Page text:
Why go to Church?

I know many professed Christians who believe that church attendance is optional and really not required. After all, it’s about what’s in your heart that matters. They point out that church is a man-made deal and Jesus isn’t a religion or set of dogmas that you have to follow. Just love people. Be kind. Do good things.

Is that true?

No. Not really.

The worship of God and attending church regularly go hand in hand.

First of all, God created the New Testament church. In Matthew 16:18, Jesus says “And I tell you, you are Peter, and on this rock I will build my church, and the gates of hell shall not prevail against it.”

For centuries, God’s people—followers of God, like the Israelites—have gathered together for worship.

The Bible refers to the church as Christ’s bride. It’s not anymore okay for us as Christians to neglect church than it would be for a wife to avoid her husband or for a husband to neglect his wife. Going to church is a regular practice of a faithful believer.

Scripture is filled with examples of people attending church and the things involved with church attendance.

When we make it a point to go to church, we are demonstrating faithfulness. As believers, joining together in worship has to have a priority in our lives. Scripture repeatedly points out the importance of being united and staying steadfast in our gathering together. By attending church, we encourage other believers, demonstrating love both of God and for others in the process. Through the church, people are able to come to know God, while believers are edified and grow in stature, maturing in the Lord.

Matthew 22:34-40

The Great Commandment

34 But when the Pharisees heard that he had silenced the Sadducees, they gathered together. 35 And one of them, a lawyer, asked him a question to test him. 36 Teacher, which is the great commandment in the Law? 37 And he said to him, You shall love the Lord your God with all your heart and with all your soul and with all your mind. 38 This is the great and first commandment. 39 And a second is like it: You shall love your neighbor as yourself. 40 On these two commandments depend all the Law and the Prophets.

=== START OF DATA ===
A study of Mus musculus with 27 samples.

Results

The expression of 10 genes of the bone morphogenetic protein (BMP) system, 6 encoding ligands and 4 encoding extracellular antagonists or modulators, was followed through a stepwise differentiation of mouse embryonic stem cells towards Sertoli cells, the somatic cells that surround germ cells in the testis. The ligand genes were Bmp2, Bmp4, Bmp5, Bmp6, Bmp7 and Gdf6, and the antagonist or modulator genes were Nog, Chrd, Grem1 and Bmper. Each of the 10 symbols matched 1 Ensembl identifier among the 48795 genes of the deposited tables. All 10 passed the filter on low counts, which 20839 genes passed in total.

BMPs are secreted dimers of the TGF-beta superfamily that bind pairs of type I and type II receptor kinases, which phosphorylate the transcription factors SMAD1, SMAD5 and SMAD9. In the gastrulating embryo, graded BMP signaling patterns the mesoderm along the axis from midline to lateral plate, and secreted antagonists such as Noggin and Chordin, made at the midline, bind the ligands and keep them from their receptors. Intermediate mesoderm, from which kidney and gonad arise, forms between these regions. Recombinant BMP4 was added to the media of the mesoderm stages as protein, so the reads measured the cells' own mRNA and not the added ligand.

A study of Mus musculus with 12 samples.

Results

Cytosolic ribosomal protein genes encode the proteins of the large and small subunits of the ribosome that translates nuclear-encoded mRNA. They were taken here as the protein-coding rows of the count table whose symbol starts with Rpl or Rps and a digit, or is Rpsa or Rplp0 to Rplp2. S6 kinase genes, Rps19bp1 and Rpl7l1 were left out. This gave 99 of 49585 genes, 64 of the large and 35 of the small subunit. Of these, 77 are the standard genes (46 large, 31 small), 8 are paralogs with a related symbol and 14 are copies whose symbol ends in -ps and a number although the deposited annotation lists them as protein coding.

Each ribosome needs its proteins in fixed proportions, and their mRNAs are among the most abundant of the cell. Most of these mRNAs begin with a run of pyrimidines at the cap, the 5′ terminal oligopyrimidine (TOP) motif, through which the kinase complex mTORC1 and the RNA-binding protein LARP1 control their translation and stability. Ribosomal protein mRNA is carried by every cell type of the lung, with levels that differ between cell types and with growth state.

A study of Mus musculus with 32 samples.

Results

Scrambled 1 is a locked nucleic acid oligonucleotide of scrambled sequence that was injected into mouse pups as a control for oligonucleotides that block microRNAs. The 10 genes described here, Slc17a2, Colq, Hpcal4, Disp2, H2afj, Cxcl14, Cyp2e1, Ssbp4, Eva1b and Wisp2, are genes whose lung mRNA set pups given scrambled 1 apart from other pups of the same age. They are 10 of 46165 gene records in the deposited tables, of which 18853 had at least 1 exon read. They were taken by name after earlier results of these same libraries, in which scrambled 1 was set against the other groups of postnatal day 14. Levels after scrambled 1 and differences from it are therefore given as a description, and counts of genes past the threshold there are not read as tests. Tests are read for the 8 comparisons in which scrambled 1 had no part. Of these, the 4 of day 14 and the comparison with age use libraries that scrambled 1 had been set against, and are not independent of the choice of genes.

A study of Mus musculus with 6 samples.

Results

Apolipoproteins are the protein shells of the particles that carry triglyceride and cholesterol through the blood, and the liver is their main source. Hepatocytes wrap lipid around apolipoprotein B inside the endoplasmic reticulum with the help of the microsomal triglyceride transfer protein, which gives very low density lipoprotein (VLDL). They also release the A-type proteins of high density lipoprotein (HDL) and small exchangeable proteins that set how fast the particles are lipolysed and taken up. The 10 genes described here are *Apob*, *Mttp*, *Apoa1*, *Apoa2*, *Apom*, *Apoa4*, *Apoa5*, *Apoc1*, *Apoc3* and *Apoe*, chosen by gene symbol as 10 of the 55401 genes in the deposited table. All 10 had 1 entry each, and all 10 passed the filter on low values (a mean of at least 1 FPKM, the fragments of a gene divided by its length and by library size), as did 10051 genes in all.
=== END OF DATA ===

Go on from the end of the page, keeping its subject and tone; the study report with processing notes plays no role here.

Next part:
In Hebrews, the writer says “Let us hold fast the confession of our hope without wavering, for he who promised is faithful. And let us consider how to stir up one another to love and good works, not neglecting to meet together, as is the habit of some, but encouraging one another and all the more as you see the Day drawing near.” (Hebrews 10:23-25)


From early on, God called on us to worship Him. In the Ten Commandments, God tells us to set aside a day for the Lord. In Psalm 95, the psalmist directs us to sing to the LORD and make a joyful noise and to come into his presence with thanksgiving and praise.  In Acts, we see the early followers gather together for teaching, fellowship, the breaking of bread and prayers.

You must revere the Lord your God, serve him, and take oaths using only his name. Deuteronomy 6:13 (NET Bible)

Over and over again, the Bible depicts the activities of believers coming together to celebrate and give thanks for what the Lord has done. I don’t believe that this makes church attendance optional—but rather, that God expects it of us as an exercise of faithfulness and a sign of obedience. When we make God first, all other things will fall in place.